High school senior Yadira Galindo Salazar was thinking about a career in medicine until she heard Aera Energy executive Aimee Blaine speak.
What Blaine had to say was a revelation to Salazar and 31 other Kern County high school students who visited Aera’s Bakersfield headquarters Feb. 21.
“There are exciting opportunities for engineers and geoscientists,” said Blaine. “Although engineering is a very hard curriculum, once you have that degree, you have the ability to thought-process, problem-solve and create solutions.”
Blaine, senior vice president of technical services, shared key insights about the oil and gas industry, Aera’s role and promising career opportunities, including:
- Almost everything we touch, from cell phones to cosmetics to tires, is at least partly made from petroleum products.
- Aera produces 500,000 barrels of oil a day, or 25 percent of California’s oil production. Yet the state doesn’t produce enough oil to meet its needs. California imports 70 percent of its oil needs from other countries.
- The U.S. is moving toward renewable energy sources, but that transition won’t be completed for another 50 years.
- Aera recruits petroleum, mechanical, chemical, industrial and electrical engineers, as well as geoscientists, from several universities, including Stanford, UCLA and Colorado School of Mines.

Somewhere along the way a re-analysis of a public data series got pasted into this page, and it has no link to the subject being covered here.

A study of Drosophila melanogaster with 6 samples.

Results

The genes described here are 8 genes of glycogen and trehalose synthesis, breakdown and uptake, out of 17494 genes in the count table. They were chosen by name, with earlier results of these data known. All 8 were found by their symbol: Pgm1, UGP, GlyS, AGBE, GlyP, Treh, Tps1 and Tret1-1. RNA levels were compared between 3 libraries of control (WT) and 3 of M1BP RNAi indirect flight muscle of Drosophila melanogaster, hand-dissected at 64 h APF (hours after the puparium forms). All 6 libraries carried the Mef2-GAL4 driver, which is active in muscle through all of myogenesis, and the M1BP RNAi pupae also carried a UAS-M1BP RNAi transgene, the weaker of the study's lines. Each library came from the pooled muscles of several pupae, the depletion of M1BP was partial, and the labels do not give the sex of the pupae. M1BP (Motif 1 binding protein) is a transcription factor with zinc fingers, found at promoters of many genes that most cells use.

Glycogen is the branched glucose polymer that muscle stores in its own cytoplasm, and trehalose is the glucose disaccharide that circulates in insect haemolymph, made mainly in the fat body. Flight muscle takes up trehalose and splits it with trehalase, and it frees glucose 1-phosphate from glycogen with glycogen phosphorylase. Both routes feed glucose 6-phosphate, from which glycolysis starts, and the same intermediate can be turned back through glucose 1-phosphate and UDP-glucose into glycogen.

- Engineering majors with a four-year degree can earn a starting salary of $105,000 a year in the oil and gas industry.
- Fifty percent of Aera’s workforce is female. Women are strongly represented in the company’s management and leadership roles.
“I learned that we need oil much more than we realize,” said Salazar, who attends Independence High School in Bakersfield. “Seeing how the industry is projected to grow, and its amazing technology, I now know there are a lot of opportunities in the oil and gas industry.”
The students visited Aera as part of an “Energy Day” tour through Youth Leadership Bakersfield, a program sponsored by the Greater Bakersfield Chamber of Commerce. Earlier in the day, the group also toured Pacific Gas and Electric’s service center in southwest Bakersfield.
Sammy Cortez, a senior at South High School, was excited to hear about the many career options he could pursue in the oil and gas industry.
“I’m considering a career in finance, but now I’m thinking about engineering too,” Cortez said. “There is a big demand for statistics and math.”
Advice from an industry executive
Blaine also shared her own personal career path, from petroleum engineering graduate of Louisiana State University to her first job as a drilling engineer with Mobil Oil in 1995.
“I spent a lot of time on the rigs and loved it,” Blaine said. “That experience benefited me for the rest of my career.”